NZ could lose ‘hundreds’ of police officers to Queensland – Police Association



Hundreds of New Zealand police officers could be leaving for Australia, lured by a big boost in earnings, the New Zealand Police Association says.

Australia’s Queensland Police Service has launched what it is calling a “cheeky campaign” to poach New Zealand officers.

It is promising warmer days and higher pay, including a $20,000 relocation bonus.



“The attrition rates went down during Covid-19 so we did see less people leaving the police force, we’re now back to about the same level we were before Covid-19 which is still very low compared to other parts of the pubic service.

“So we are doing a good job around retaining our police.”

But Police Association president Chris Cahill said it was an “attractive offer” and one that would be a “real risk” for New Zealand Police.



Cahill told Morning Report he went to the police conference in Queensland to scope out what they were offering and expected them to push this offer “pretty hard”.

Police Association president Chris Cahill. Photo / NZME
Police Association president Chris Cahill. Photo / NZME

“I think we could look at [losing] hundreds [of police officers], possibly.

“And that might sound a bit alarmist but I’m not sure that isn’t the reality when we look at where we’re at in New Zealand.”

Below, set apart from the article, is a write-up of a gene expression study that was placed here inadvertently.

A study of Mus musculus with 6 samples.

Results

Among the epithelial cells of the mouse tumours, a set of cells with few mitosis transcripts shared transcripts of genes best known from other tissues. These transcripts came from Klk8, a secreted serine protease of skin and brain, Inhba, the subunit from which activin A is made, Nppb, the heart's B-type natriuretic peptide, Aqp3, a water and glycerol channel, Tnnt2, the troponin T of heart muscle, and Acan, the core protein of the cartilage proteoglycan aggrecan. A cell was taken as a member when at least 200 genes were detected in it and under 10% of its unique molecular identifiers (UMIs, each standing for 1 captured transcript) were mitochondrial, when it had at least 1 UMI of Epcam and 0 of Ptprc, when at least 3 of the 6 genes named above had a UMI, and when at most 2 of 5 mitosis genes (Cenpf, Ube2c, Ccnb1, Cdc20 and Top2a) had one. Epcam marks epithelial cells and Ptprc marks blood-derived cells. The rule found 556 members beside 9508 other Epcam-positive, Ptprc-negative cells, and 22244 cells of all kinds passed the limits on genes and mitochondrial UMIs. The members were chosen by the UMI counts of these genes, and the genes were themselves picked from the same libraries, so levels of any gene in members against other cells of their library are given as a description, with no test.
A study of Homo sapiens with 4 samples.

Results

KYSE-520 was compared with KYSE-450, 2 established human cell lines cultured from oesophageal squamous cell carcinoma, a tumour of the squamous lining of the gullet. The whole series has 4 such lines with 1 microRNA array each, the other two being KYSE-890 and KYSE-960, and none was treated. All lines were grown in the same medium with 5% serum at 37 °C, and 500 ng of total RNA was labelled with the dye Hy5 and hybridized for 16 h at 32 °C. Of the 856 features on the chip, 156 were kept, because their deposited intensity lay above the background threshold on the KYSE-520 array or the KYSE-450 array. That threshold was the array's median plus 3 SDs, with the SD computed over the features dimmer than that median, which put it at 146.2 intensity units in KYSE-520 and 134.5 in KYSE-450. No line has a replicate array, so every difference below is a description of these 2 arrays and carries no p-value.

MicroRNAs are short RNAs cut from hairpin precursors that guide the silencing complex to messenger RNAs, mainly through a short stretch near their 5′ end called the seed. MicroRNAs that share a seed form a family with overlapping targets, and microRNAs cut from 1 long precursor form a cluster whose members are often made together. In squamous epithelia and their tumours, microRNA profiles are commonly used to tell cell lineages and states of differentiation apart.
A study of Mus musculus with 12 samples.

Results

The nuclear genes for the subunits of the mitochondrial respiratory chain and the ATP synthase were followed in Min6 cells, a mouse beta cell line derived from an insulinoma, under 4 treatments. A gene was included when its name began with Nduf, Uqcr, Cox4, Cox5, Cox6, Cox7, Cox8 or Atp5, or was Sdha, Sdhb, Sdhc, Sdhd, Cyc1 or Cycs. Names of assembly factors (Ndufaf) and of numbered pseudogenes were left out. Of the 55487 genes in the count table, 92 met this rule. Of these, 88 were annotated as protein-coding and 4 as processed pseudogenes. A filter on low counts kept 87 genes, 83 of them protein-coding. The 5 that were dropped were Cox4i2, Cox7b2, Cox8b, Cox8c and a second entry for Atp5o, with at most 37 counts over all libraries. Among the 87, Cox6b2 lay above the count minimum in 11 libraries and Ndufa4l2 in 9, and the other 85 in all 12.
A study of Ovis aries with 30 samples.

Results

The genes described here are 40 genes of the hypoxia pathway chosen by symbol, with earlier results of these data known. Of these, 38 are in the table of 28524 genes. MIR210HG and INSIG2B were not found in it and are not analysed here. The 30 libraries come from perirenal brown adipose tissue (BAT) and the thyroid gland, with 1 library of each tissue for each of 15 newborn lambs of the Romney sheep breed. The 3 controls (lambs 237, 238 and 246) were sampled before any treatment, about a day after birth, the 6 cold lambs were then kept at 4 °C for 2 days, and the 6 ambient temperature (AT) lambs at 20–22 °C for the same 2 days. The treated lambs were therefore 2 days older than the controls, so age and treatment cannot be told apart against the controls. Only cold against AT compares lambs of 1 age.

Cahill said when a young officer joins the New Zealand Police today, it takes them 21 years before they get to the top of their pay band.

For nurses that was seven years and for teachers it was about nine years, he said.

In terms of working overtime, he said nurses get time-and-a-half or double, whereas officers only got time-in-lieu and even then, sometimes they were pressured to take it when it did not suit them.

“There are significant changes to police remuneration that are required to actually make us competitive.”

Globally, police were struggling to recruit and retain staff, Cahill said.

New Zealand had been “very lucky” to buck that trend and manage to recruit more than 4000 new officers in the last six years, he said.



Cahill said it was only obvious that they would turn to New Zealand to poach employees.

But while the pay may be better, there were other things to consider, he said.

“When I’ve spoken to the officers that have gone they certainly like the money but they said the professionalism isn’t the same.

“They believe New Zealand is set up better as a police force and can offer more around learning and development and that sort of thing, and have a better culture.

“But in saying that, the risk profile in New Zealand for an officer has changed dramatically in the last 10 years.”



A look at the headlines in the last week would tell you that New Zealand simply was not safer than Australia anymore, he said.

“The reality for New Zealand at the moment is that gang members, and others, are wandering streets with guns on a daily basis and have shown a willingness to use them.

“I don’t think we can say that we’re safer than Australia anymore, it’s just not factually correct.”